25 June 2014
Today, 50 trainee teachers who received the first computing scholarships are celebrating the end of their teacher training courses and looking forward to the start of their new careers in schools around the UK. The scholarship scheme is administered by BCS, The Chartered Institute for IT, in partnership with the Department for Education, with the aim of helping to meet the growing need for computing teachers.
Bill Mitchell, BCS Director of Education says: “It’s great to be celebrating the first cohort of teaching scholars who have successfully completed their computing teacher training. These new teachers are going into schools this September at the start of the new Computing curriculum with the skills and knowledge needed to inspire future generations and ensure they have an excellent computing education. BCS is very grateful for all the support from the employers supporting the scheme without whom it could not have happened.”
The newly trained teachers cite a variety of reasons for opting for a career delivering the new computing curriculum including helping children to learn to think logically and develop life skills that will enable them to be problem solvers, creators and innovators (see end of release for quotes from scholars).
Education Minister Matthew Hancock said: “Technology is everywhere and it is vital that children understand how to make it work for them. Our rigorous new computing curriculum will teach children real skills including programming, coding and how to create applications for smartphones.
“To make this possible we must have high-quality educators in our schools, which is why the Government has invested more than £3million in support and training, increased scholarships for computing teachers and teamed up with the sector to provide schemes like this.
“This first group of BCS scholars, drawn from a range of backgrounds including the computing industry, will now take their passion and expertise into the classroom to inspire young people and give them the skills they need to succeed in the modern world.”
Of the 311 applications received by the Institute for the scholarships, 79% held a degree in a computing-related subject, 46% were career changers having graduated with their first degree 5 years or more ago and the gender split was 33% female, 67% male.
Paul Clarke, Director of Technology for Ocado, one of the industry partners of the scheme, says: “We’d like to congratulate these first scholars. It’s great to see the genuine passion they have for computer science as a subject and for teaching as a vocation, this is vitally important. Teaching children to program is not just about nurturing the next generation of software engineers, being able to write code is a transformative and disruptive meta-skill that needs to be seen as being of huge potential value whatever your future holds. I would go so far as to say that it is a survival skill that our children need to acquire to flourish in the increasingly digital and online future that awaits them.”
A selection of scholar quotes:
I love my subject and see it as a life skill rather than just a curriculum subject. The skills needed for computing will develop problem solving abilities and being able to think from cause to effect as well as developing creative thinking and experiential skills. There are so many aspects to it which can be taught in a variety of creative ways.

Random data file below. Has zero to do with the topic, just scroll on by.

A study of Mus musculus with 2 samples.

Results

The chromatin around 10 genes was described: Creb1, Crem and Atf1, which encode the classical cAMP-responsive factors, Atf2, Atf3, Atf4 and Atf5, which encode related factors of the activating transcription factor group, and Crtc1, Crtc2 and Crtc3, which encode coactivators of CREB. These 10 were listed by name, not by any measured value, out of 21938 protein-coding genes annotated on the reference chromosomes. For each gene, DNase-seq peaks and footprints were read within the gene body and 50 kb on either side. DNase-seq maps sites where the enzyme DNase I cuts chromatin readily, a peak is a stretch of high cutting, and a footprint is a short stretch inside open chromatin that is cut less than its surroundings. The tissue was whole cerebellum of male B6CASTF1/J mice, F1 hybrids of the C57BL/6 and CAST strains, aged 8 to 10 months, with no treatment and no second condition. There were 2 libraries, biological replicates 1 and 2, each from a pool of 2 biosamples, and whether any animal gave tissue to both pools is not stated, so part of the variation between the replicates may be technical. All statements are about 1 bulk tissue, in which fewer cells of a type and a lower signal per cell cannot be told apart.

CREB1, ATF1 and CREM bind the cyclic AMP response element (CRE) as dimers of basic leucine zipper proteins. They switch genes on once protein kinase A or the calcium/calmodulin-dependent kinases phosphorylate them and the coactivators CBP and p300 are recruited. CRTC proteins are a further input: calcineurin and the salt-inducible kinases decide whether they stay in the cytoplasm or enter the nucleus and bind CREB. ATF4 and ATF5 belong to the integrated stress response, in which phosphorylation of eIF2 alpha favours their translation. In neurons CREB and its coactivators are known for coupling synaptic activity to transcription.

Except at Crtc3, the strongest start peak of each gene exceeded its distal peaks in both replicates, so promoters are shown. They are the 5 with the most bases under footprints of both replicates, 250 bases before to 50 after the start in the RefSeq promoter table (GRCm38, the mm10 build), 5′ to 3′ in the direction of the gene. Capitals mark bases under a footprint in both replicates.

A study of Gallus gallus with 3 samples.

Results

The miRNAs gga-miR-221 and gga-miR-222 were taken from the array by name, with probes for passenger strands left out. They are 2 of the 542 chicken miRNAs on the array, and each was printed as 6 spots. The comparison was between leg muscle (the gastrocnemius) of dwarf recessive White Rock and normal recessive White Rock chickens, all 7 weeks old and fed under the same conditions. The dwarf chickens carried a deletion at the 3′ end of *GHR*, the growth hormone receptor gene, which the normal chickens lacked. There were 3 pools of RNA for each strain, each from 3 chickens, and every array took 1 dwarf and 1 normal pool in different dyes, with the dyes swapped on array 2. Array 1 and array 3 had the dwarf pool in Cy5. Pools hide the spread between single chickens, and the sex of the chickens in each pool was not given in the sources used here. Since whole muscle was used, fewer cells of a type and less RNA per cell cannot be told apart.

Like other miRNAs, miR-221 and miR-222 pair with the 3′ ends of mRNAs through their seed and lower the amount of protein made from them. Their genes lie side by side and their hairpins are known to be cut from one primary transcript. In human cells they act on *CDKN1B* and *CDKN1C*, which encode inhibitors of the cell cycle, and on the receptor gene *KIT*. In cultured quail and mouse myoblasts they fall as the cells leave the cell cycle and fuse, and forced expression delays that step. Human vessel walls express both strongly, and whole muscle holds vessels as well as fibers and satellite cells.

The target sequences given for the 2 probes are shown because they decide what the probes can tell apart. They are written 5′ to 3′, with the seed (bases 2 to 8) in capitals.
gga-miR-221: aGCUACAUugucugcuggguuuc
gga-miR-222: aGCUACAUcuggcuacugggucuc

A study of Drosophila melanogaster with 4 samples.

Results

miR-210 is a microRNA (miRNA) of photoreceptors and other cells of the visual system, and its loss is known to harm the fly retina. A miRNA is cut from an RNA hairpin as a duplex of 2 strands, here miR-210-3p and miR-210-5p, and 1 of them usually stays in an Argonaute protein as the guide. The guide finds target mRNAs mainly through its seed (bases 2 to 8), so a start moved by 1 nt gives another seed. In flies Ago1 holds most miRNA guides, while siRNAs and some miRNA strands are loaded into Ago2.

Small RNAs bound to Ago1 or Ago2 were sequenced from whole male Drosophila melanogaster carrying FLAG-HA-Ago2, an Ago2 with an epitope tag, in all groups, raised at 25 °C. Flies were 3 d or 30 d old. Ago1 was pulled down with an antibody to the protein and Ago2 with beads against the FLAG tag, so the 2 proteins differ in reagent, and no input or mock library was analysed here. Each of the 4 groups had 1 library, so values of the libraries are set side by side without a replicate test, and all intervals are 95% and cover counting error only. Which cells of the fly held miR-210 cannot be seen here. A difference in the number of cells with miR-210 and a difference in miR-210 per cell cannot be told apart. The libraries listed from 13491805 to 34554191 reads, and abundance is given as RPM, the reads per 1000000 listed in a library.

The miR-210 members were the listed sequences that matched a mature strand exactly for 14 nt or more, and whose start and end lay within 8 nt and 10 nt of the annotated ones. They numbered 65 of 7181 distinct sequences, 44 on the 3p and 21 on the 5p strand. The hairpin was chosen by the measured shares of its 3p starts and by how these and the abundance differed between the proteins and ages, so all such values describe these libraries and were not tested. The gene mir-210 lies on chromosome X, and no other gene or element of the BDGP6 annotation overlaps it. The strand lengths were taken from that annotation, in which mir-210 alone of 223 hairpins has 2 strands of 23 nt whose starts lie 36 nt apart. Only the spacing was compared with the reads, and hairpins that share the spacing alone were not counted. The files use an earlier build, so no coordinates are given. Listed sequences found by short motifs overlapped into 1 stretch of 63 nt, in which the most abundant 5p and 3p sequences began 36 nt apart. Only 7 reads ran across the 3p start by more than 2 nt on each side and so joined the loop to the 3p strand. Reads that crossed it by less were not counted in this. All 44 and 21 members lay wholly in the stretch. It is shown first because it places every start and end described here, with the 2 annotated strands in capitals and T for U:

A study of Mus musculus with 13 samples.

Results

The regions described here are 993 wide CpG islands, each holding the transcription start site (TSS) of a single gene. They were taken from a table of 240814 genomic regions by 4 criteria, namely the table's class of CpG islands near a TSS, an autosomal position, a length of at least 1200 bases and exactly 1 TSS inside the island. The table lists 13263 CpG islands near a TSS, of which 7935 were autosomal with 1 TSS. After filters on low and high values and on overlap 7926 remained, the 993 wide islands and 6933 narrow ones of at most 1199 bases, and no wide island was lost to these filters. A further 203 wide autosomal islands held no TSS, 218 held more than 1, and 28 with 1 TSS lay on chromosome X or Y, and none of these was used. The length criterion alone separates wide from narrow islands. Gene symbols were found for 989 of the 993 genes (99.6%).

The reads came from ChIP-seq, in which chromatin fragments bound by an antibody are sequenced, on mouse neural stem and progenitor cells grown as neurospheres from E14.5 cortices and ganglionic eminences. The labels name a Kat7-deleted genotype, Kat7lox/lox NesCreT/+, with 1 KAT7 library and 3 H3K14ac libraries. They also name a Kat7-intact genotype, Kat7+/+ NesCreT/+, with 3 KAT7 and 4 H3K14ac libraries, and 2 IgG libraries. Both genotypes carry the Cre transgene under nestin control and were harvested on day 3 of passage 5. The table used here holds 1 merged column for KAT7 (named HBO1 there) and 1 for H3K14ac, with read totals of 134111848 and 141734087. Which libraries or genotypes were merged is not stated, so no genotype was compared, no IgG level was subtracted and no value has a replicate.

Having worked in the software industry for 14 years, I decided to make the switch to teaching due to the exciting opportunity it presents to share my knowledge and enthusiasm for computing and learning. The changes to the curriculum which introduced more challenging, interesting topics confirmed in my mind that now was the right time to make the move.
Being given the chance to teach people something you are passionate about and having them both learn something from it and actively engage with it is a fantastic feeling and I feel privileged to be in a position to be able to do this.
Farrah Abbas Sheikh
Having a passion for technology and teaching, being a Computing teacher seemed a natural choice! After graduation, I decided to gain some industrial experience to better my subject knowledge and for a valuable insight to bring into the classroom. My time in the industry, as enlightening as it was, reinforced my decision to become a teacher. I love working with young people, and the satisfaction that I get from teaching and inspiring students is truly amazing and I hope to make a difference.
The scheme is currently running for the second year, with up to 100 scholarships available and an increase in the amount available to each scholar. Full details of the criteria including how to register an interest for the scholarships can be found at: www.bcs.org/teachingscholarships and http://www.education.gov.uk/get-into-teaching
The computing scholarship scheme was launched in 2013. It is run in conjunction with the National College for Teaching and Leadership on behalf of the Department for Education. The aim is to encourage more people into teaching computing. It is supported by a large number of schools and industry partners and forms part of a programme to help develop future computer science Master Teachers who will lead innovation both within their own school and in collaboration with other schools. Scholarships are only available to those taking their teacher training in England.